We are now almost a week into the formal campaign for the general election.
It is often said of a Westminster election that it is special for some reason or other.
But this really is a poll with few precedents. There has not been a general election since the universal adult franchise in which so many parties were expected to get large numbers of seats.
It is possible that the Conservatives, Labour, the Liberal Democrats and the SNP will all emerge with dozens of seats (hundreds in the case of the first two) and that Ukip will get a dozen or more, and that parties such as the Greens will win a handful, with multiple other groups represented too.
Such an outcome would be the antithesis of the 1950s elections, when the big two, Tories and Labour, won almost all the seats in the House of Commons.
Consider the 1951 election, for example, when the Conservatives won 321 seats, Labour 295, and the Liberals six. There were only three other MPs in the entire House.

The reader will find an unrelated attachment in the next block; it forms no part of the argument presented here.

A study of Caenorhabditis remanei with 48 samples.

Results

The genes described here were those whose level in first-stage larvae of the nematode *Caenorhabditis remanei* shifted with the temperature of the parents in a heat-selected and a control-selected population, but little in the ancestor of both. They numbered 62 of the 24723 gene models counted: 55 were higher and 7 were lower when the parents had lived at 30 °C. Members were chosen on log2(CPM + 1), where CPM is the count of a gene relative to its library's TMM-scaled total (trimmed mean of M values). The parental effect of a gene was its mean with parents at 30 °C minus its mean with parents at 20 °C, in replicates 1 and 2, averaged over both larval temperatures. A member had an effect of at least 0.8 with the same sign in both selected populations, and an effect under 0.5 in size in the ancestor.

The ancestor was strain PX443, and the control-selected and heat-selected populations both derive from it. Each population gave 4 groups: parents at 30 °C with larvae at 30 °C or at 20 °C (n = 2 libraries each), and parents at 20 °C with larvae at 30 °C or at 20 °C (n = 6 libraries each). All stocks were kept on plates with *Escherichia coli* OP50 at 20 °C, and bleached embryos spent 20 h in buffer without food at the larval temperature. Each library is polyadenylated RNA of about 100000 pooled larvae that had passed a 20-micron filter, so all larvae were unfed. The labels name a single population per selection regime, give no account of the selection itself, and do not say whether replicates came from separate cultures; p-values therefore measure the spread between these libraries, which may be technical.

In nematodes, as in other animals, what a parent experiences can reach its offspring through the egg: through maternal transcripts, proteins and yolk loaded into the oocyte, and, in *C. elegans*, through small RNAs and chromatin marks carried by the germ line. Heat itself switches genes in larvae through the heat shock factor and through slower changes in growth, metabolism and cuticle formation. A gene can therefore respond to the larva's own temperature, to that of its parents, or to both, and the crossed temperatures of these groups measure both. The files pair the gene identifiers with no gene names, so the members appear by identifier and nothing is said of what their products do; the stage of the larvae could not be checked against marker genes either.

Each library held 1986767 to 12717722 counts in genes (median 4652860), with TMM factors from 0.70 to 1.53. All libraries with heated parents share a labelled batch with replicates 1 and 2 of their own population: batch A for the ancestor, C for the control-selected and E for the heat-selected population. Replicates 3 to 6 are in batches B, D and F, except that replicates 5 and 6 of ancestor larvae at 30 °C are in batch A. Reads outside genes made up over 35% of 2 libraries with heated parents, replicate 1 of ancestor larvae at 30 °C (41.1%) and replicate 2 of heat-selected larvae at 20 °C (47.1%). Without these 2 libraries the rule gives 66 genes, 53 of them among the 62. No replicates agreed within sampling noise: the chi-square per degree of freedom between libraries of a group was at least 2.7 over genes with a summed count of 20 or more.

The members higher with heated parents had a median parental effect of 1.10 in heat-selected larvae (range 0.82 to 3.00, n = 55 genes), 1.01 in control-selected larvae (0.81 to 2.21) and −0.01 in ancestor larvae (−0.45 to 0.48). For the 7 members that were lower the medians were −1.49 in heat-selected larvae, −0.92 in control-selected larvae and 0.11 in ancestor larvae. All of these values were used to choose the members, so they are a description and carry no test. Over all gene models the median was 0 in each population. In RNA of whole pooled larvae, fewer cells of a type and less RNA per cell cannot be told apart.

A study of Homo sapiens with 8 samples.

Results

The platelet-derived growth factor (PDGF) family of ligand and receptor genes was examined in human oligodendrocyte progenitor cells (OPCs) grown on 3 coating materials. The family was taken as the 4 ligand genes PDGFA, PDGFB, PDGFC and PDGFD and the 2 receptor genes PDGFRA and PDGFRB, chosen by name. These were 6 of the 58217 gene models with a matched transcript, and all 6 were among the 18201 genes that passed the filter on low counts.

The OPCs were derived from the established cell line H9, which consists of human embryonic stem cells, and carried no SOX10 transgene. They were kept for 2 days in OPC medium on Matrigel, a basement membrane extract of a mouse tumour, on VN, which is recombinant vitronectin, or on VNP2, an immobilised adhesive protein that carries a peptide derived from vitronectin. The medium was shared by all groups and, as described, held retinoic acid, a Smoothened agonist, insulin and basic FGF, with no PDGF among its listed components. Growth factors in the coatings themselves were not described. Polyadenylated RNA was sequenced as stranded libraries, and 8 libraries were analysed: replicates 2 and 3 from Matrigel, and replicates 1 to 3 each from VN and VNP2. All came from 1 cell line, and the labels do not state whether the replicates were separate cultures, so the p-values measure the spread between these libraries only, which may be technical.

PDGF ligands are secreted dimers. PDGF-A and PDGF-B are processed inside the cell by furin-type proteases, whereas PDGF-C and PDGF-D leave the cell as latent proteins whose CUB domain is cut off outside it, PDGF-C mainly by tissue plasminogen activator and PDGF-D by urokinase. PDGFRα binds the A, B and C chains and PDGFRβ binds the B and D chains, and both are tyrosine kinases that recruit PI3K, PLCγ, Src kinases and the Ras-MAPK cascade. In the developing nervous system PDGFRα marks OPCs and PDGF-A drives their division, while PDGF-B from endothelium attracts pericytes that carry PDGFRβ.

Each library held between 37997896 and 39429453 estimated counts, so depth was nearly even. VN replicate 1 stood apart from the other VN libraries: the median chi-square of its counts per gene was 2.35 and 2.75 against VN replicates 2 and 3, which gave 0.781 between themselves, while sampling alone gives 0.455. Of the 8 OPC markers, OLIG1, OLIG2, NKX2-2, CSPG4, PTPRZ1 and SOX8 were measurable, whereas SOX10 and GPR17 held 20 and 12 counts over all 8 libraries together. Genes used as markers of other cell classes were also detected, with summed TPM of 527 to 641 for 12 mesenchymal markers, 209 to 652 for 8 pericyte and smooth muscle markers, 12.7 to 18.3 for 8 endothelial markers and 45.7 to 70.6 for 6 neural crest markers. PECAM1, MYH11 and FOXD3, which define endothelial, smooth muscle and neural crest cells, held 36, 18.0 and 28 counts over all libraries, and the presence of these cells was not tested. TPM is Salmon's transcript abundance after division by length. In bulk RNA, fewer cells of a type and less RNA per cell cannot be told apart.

The United Kingdom faces considerable uncertainty, which is all the more significant given that the result could lead to the ultimate break-up of the UK or its exit from the EU (or both).
A common criticism of elections is that there is no one to vote for. It is hard to see justification for this stance in Northern Ireland, except in those seats where there will be a small number of unionist v nationalist candidates.
But even in East Belfast, where unionists have formed a pact and there will be two nationalist candidates, voters will have the choice of Alliance, Tory and Green, and maybe others.
In most constituencies in the Province, there will be candidates who prioritise their Euroscepticism (Ukip), candidates on the economic right, two or three unionists, Alliance, environmentalists, and others too. Left-wing candidates who reject nationalism are, however, likely to be under-represented.
If you use your vote, it might just elect someone who has a crucial swing vote at Westminster.